Business as usual for employees working Labor Day

September 02, 2008|From Staff reports

TRI-STATE -- For many people in the Tri-State area, Labor Day is just that - another day to labor, little different from any other.

"We work every holiday," said Kendra Bailey, an employee at Sheetz on Edwin Miller Boulevard in Martinsburg, W.Va.

The convenience store is open 24 hours a day, seven days a week.

Bailey said her shift Monday began at 6 a.m. and would end at 2 p.m., meaning her entire day wasn't taken up with work.

"I'm going to a cookout after I get off," she said.

Bailey described business at the store as busy but only in spurts.

At City Hospital in Martinsburg, Cindy Adams was on duty as a nursing supervisor.

"There is a skeleton staff working today," Adams said of the holiday. "It seems more like a weekend than a Monday."


Adams explained that all medical personnel work two minor holidays and one major holiday a year. Labor Day is considered as a minor holiday.

Adams, a registered nurse, said she has been at City Hospital for four years of her 30-year nursing career.

"Seniority is not a factor when it comes to working on a holiday," she said.

The crew at Community Rescue Services on Eastern Boulevard in Hagerstown knew they were missing out on holiday picnics.

Because many doctor's offices were closed for Labor Day, the crew expected to run more calls than usual, Capt. Melanie Shank said. A typical day includes 25 to 35 emergency calls, paramedic Dennis Browne said.

They decided, in the spirit of Labor Day, to grill something for dinner between calls.

Pure chance dictates which CRS members staff holidays, Shank said. Paramedics and EMTs work 24-hour shifts, followed by 48 hours off duty. Monday's shift started at 9 a.m. and ends at 9 a.m. Tuesday.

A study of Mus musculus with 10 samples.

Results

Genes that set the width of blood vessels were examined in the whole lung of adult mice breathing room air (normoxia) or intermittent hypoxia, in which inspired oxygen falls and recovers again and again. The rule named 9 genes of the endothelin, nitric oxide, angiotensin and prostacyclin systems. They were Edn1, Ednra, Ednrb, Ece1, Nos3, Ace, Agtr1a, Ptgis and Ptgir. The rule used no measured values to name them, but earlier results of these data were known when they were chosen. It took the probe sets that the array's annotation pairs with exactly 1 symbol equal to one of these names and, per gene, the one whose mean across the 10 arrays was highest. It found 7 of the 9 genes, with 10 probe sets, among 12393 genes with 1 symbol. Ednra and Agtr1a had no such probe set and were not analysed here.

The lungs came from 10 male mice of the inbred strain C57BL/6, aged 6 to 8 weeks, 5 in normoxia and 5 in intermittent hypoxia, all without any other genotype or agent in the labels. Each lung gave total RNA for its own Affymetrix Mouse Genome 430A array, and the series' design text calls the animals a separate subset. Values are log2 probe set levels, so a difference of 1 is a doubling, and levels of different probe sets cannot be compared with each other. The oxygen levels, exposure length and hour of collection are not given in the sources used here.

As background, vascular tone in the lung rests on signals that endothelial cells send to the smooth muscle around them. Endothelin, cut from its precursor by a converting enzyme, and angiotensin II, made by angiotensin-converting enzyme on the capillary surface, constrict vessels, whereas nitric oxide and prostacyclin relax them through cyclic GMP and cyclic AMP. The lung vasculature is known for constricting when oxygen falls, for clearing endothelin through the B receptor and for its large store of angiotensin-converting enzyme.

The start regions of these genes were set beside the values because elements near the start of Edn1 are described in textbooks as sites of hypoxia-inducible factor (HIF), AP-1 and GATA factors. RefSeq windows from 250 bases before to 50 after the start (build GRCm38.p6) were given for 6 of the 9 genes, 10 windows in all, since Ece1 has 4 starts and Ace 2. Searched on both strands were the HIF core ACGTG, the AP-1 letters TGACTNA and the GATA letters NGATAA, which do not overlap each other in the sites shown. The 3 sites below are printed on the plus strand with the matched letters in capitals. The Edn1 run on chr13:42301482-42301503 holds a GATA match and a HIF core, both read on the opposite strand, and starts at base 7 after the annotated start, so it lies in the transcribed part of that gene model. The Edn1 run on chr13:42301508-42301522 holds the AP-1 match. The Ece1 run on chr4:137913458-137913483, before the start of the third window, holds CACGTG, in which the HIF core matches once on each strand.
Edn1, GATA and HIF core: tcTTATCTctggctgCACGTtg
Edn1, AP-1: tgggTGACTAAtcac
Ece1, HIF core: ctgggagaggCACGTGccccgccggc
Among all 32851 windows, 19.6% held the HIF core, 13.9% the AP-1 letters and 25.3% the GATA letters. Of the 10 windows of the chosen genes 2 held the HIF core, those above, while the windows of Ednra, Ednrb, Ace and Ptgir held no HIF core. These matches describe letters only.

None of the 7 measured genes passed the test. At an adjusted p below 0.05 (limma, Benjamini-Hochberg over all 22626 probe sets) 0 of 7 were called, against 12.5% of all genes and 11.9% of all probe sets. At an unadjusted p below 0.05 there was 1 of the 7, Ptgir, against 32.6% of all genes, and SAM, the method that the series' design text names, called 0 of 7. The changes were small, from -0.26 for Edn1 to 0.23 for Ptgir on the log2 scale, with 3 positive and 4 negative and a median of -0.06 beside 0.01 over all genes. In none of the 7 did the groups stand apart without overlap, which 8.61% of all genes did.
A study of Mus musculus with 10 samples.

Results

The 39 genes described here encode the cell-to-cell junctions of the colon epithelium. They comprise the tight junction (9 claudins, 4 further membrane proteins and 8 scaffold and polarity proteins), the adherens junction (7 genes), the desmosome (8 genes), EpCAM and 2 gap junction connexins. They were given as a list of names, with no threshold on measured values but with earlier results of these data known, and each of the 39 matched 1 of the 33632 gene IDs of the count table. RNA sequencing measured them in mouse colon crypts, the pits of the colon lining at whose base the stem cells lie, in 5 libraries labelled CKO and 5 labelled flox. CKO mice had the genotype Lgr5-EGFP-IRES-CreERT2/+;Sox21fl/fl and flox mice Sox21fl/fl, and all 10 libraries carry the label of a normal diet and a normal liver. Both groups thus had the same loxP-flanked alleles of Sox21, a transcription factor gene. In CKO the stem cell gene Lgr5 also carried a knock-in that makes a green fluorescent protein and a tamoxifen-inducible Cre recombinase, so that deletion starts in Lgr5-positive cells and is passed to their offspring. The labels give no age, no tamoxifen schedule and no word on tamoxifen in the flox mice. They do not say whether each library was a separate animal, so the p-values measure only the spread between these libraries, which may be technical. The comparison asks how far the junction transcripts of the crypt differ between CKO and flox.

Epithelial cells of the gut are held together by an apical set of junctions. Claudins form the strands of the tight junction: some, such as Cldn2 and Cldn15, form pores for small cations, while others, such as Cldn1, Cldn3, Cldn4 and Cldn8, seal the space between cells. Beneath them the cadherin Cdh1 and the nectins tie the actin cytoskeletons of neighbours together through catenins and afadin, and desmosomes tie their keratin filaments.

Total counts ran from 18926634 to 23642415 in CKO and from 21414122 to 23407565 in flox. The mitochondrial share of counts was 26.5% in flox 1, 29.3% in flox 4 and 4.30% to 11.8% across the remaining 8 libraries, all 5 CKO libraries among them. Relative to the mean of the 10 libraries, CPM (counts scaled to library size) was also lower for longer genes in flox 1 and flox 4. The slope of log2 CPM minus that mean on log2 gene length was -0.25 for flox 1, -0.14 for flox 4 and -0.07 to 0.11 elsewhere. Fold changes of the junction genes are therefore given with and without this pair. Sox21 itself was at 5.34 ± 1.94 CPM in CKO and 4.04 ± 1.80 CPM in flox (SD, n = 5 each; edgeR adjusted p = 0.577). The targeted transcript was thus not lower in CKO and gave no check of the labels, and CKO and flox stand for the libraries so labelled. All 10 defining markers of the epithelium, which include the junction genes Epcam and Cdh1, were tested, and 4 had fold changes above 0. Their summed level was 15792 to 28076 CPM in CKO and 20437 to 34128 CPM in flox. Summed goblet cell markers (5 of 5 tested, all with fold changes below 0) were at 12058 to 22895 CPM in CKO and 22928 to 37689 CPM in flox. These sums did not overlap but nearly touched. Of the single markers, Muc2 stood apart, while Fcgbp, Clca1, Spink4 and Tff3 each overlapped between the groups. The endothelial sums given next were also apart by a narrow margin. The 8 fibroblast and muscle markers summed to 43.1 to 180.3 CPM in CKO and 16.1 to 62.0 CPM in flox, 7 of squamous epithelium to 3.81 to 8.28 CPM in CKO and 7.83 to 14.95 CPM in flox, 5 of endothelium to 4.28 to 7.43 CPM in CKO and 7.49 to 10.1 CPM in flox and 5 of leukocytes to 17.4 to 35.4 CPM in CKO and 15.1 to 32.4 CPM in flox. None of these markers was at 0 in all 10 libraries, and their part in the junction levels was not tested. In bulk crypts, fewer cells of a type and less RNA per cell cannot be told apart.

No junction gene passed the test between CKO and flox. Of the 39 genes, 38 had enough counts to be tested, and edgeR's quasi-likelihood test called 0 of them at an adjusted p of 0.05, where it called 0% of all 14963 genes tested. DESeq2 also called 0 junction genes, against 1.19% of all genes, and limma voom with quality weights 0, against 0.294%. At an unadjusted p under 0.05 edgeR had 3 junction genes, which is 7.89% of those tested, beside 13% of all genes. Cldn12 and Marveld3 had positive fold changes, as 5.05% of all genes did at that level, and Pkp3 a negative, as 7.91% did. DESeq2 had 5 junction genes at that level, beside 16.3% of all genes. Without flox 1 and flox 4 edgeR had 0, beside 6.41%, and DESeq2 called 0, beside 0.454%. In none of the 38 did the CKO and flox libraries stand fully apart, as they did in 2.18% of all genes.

Monday was just another day at Peterson's Oil & Lube Center on North Queen Street in Martinsburg.

Cars pulled into the open bay, where drivers can have their vehicle's oil changed while remaining inside.

"It's actually been pretty steady," worker Eric Richardson said.

The oil and lube station averages about 20 to 30 vehicles a day, and the station was working on its 20th vehicle by mid-afternoon.

"We still got a couple more hours," Richardson said.

When asked whether working on Labor Day bothered him, Richardson said, "No. Not at all."

"I'm laboring on Labor Day," said another employee inside the bay.

Next door, a line was forming inside the Dairy Queen restaurant and store manager Debbie Hinton didn't mind, either.

"It's OK. It's just another day. We have to labor somewhere, right?"

Restaurants and convenience stores usually require some holiday hours, but not all of them.

At Hoss's Steak and Sea House along Edwin Miller Boulevard, a sign outside read, "Closed for Labor Day."

Staff writers Marlo Barnhart, Erin Julius and Dave McMillion contributed to this story.